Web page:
Last July, UNCTAD estimated that the standstill in international tourism would cost the global economy between $1.2 trillion and $3.3 trillion. The steep drop in tourist arrivals worldwide in 2020 resulted in a $2.4 trillion economic hit, the report said, and a similar figure is expected this year depending on the uptake in COVID-19 vaccines.
The impact of the COVID-19 pandemic on tourism could result in a more than $4 trillion loss to the global economy, UN trade and development body UNCTAD said on Wednesday in a report issued jointly with the UN World Tourism Organization (UNWTO). The estimate is based on losses caused by the pandemic’s direct impact on tourism and the ripple effect on related sectors, and is worse than previously expected.
“The world needs a global vaccination effort that will protect workers, mitigate adverse social effects and make strategic decisions regarding tourism, taking potential structural changes into account,” said Isabelle Durant, the UNCTAD Acting Secretary-General.
“Tourism is a lifeline for millions, and advancing vaccination to protect communities and support tourism’s safe restart is critical to the recovery of jobs and generation of much-needed resources, especially in developing countries, many of which are highly dependent on international tourism,” the UNWTO Secretary-General Zurab Pololikashvili added.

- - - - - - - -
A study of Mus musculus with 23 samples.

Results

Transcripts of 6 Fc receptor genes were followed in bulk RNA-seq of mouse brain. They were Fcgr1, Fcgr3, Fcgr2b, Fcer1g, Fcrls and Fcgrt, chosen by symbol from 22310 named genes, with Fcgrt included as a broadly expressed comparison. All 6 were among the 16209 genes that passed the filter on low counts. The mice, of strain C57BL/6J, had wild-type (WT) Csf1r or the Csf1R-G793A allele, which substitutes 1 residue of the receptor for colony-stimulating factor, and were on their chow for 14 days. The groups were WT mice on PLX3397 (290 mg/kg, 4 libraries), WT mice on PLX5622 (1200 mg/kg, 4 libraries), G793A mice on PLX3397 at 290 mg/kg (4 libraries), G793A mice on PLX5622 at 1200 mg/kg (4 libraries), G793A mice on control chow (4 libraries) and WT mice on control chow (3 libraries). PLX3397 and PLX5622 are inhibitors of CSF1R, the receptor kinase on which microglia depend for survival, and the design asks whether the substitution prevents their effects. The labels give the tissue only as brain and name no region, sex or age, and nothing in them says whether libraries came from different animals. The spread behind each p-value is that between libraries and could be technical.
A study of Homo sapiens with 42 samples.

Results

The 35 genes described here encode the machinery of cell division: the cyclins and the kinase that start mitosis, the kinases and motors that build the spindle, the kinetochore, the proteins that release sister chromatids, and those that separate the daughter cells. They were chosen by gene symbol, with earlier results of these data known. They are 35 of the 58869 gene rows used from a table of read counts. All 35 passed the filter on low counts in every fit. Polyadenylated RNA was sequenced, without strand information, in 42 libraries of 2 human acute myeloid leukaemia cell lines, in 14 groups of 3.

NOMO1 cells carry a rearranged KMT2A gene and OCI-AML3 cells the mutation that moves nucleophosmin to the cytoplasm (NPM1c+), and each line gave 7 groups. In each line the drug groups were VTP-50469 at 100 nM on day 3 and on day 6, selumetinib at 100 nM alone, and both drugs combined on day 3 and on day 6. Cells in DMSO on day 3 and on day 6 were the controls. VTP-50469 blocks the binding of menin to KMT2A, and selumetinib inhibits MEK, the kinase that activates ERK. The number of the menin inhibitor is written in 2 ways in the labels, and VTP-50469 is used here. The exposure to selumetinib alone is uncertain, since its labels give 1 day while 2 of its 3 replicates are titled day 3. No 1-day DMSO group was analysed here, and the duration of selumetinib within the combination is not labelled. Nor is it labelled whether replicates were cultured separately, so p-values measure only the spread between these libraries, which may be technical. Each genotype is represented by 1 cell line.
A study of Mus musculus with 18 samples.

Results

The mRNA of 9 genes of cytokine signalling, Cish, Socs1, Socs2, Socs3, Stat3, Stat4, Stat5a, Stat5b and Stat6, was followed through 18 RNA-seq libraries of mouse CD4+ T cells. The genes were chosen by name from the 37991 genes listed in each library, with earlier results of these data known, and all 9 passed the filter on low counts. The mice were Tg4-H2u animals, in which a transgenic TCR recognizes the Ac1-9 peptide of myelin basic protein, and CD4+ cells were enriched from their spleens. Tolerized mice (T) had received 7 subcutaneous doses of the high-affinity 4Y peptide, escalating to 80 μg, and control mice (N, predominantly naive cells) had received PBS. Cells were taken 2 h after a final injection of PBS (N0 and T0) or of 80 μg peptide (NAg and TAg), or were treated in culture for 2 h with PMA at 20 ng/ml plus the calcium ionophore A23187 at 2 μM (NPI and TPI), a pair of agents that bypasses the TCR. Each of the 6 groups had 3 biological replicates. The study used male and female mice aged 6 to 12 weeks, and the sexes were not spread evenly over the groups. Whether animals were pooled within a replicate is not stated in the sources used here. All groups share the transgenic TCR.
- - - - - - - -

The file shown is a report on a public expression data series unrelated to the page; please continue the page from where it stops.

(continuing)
International tourist arrivals declined by about 1 billion, or 73 percent, last year, while in the first quarter of 2021 the drop was around 88 percent, the report said. Developing countries have borne the brunt of the pandemic’s impact on tourism, with estimated reductions in arrivals of between 60 percent and 80 percent.
They have also been hurt by vaccine inequity. The agencies said the “asymmetric roll-out” of COVID-19 vaccines has magnified the economic blow to the tourism sector in these nations, as they could account for up to 60 percent of global GDP losses.
It is expected that tourism will recover faster in countries with high vaccination rates, such as France, Germany, the United Kingdom and the United States. However, international tourist arrivals will not return to pre-pandemic levels until 2023 or later, due to barriers such as travel restrictions, slow containment of the virus, low traveller confidence and a poor economic environment.
While a tourism rebound is anticipated in the second half of this year, the report expects a loss of between $1.7 trillion and $2.4 trillion in 2021, based on simulations which exclude stimulation programs and similar policies. The authors outline three possible scenarios for the tourism sector this year, with the most pessimistic reflecting a 75 percent reduction in international arrivals. This scenario sees a drop in global tourist receipts of nearly $950 billion, which would cause a loss in real GDP of $2.4 trillion, while the second reflects a 63 percent reduction in international tourist arrivals.
The third considers varying rates of domestic and regional tourism. It assumes a 75 percent reduction in tourism in countries where vaccine rates are low, and 37 percent reduction in countries with relatively high vaccination levels, mainly developed countries and some smaller economies.